Did You Know … ?

  • The Mayflower sailed from Southampton (but had to return to Plymouth before heading to America).
  • Portsmouth is home to the Victory, the world’s oldest commissioned ship (launched 1765, commissioned 1778).
  • The Titanic nearly collided with another ship at Southampton, an accident that would have precluded later catastrophe.
  • Hayling Island, at Portsmouth, is the birthplace of windsurfing.
  • Southampton has the world’s oldest bowling green still in use (c.1299).

A pair of port cities

Portsmouth and Southampton are middling-sized cities (less than a quarter of a million people each) only 30 miles apart on the southern coast of England. From medieval times, they were rival port cities, a rivalry that mostly manifests itself these days in their competing sports teams.

For the tourist, it makes sense to combine the two in a single itinerary, relishing their different claims to fame as well as the types of attractions and activities that both can offer.

As to those differences, Portsmouth is the city noted for its literary connections. Charles Dickens was born there, but several other authors have historical links to the city. Today Portsmouth is host to a couple of annual festivities with heavy literary connections.

Southampton still retains a historic city center where visitors can see remnants of the medieval town and walk the old defensive walls.

Both have fascinating stories to tell about their ports. The Mayflower and the Titanic docked at Southampton before the transatlantic journeys that made history. Most of the Titanic’s crew lived in Southampton. Today, Southampton is Europe’s largest cruise port. Portsmouth, long home to the Royal Navy, boasts an 800-year history of serving the navy.

Because of their military importance, both cities were badly damaged by enemy bombing during World War II (and, in places, that damage is recast in unimaginative modern reconstruction), and massive numbers of landing craft left from these and neighboring ports for the D-Day invasion of the continent.

Today, both offer visitors the attractions of waterfront vistas and activities (more so in Portsmouth at the moment) and opportunities for harbor cruises, private sailings aboard chartered yachts and excursions by ferry to the Isle of Wight, a resort destination good for relaxing days — or adrenalin-charging water sports.

The area’s recent and not-so-recent past on the front lines of Britain’s defenses are marked in several museums, most notably the Portsmouth Historic Dockyard (actually a complex of attractions), but also Southampton’s Solent Sky Museum, celebrating aviation development in the area, and, in Portsmouth, the Royal Marines Museum and D-Day Museum.

Things to do for Venturers

  • Compete in the Great South Run, a 10-mile road race scheduled for Portsmouth every October.
  • From either city, take a ferry to the Isle of Wight and take a clifftop walk from Freshwater Bay to The Needles, the island’s dramatic eroded chalk cliffs. Or rent the gear and go kite surfing in island waters.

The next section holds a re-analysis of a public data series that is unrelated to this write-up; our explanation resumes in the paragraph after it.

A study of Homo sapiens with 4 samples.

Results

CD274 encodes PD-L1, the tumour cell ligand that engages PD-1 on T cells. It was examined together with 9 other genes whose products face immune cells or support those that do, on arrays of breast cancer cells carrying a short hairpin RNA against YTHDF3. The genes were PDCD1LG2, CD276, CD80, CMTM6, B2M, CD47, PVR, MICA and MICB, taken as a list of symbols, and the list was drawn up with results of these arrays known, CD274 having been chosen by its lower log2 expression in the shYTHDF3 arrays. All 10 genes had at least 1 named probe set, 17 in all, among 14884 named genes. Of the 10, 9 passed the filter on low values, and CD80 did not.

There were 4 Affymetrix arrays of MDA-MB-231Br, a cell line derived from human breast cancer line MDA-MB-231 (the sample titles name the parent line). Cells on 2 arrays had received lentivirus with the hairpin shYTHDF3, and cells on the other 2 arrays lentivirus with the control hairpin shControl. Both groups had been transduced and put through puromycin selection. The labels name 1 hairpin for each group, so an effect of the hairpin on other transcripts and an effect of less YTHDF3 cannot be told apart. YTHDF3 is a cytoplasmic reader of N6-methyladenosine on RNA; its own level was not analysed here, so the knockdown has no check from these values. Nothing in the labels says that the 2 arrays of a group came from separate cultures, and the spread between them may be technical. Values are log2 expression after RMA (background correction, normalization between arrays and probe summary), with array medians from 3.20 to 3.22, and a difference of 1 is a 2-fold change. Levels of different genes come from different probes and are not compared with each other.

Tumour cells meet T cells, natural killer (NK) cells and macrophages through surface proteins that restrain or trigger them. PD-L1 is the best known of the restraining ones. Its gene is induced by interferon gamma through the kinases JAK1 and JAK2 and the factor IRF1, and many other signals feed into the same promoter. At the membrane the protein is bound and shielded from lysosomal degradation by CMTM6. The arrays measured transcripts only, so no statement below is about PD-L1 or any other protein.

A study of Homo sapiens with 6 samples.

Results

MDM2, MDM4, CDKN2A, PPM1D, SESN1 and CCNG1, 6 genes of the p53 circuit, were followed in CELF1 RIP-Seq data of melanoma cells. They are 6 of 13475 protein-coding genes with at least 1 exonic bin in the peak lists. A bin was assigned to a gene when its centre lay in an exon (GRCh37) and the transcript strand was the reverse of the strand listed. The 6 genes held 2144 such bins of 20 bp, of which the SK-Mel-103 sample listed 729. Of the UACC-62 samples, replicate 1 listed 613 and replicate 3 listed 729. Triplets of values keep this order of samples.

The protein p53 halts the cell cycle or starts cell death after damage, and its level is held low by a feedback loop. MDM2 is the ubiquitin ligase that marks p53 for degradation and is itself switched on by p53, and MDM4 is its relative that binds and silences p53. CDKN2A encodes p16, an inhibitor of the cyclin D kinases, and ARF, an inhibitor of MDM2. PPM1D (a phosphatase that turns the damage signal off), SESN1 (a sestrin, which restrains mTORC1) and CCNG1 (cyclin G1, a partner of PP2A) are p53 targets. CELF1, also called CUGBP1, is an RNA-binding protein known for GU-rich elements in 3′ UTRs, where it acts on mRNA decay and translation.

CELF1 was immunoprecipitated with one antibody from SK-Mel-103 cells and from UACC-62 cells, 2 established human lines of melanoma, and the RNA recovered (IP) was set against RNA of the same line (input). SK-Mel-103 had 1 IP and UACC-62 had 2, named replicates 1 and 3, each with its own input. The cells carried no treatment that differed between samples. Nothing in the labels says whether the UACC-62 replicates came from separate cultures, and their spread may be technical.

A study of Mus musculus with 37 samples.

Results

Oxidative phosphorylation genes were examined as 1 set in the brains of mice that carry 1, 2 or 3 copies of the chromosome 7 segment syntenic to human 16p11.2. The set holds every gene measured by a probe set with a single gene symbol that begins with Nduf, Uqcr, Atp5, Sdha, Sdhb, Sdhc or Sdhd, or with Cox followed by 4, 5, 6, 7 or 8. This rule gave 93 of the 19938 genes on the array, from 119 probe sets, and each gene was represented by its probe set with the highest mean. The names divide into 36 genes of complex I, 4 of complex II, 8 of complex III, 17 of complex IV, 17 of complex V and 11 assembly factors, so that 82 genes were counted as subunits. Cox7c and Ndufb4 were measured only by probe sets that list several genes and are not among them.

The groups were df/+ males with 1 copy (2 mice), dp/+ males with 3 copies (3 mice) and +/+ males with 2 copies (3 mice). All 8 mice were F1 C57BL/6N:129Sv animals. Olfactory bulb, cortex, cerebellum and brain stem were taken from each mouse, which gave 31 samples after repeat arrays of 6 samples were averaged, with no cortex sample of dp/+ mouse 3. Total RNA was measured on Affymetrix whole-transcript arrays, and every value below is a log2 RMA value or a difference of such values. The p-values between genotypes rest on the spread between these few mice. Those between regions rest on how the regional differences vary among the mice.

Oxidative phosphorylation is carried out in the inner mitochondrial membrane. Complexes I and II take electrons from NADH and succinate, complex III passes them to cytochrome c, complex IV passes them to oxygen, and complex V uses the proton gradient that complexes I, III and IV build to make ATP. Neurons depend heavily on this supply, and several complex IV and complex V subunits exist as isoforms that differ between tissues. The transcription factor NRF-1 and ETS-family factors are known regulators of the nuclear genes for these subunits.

• Be a dockyard apprentice for a day and learn something of shipbuilding at the Portsmouth Historic Dockyard.
  • At either city, charter a yacht and go sailing. If the timing is right, you can be on hand to watch yacht racing.
  • Break for lunch and a pint in a traditional pub, in either city.
  • Try windsurfing at the home of the sport, Hayling Island, accessible by passenger ferry from Portsmouth.

Things to do for Centrics

  • Make the Royal Navy a sightseeing theme: See the museums and historic warships at the Portsmouth Historic Dockyard. Also, take the ferry to nearby Gosport to see the Royal Navy Submarine Museum.
  • Play beach volleyball at Southsea’s seafront at Portsmouth.
  • Opt for a session of kayaking or canoeing on the River Itchen in Southampton.
  • See the D-Day map in the Map Room at Southwick House, near Portsmouth, where Prime Minister Churchill and General Eisenhower met during planning stages for the 1944 Allied campaign to retake large parts of the European continent. Also, the D-Day Museum is in Portsmouth.
  • Go biking or horseback riding in the New Forest to the west of Southampton.
  • At Portsmouth’s Gunwharf Quays, shop by day, dine and enjoy the nightclubs by night.

Things to do for Authentics

  • Take a harbor cruise in either Portsmouth or Southampton.
  • Devote some sightseeing to Southampton’s medieval sites, and allow time to walk some part of its old walls. Also, look for the places and museums associated with two famous ships, the Mayflower and the Titanic, both of which sailed from Southampton.
  • Explore the keep, underground tunnels and ramparts at the 16th century Southsea Castle at Portsmouth.
  • Take a themed guided walking tour focused in the literary figures associated with Portsmouth, including Charles Dickens, Sir Arthur Conan Doyle and Jane Austen. If books are a special interest, attend the Portsmouth BookFest in October.
  • Shop and have lunch on Southampton’s pedestrian-only QE2 Mile. Also, shop or just gawk at the well-preserved Victorian High Street on Old Northern Road — where you can buy memorabilia from the Titanic and the Lusitania.
  • Ascend Portsmouth’s Spinnaker Tower for sweeping views of the city and the coast. The tower rises 558 feet above the city.

Additional Resources

For more information, consult Visit South East England at www.visitsoutheastengland.com.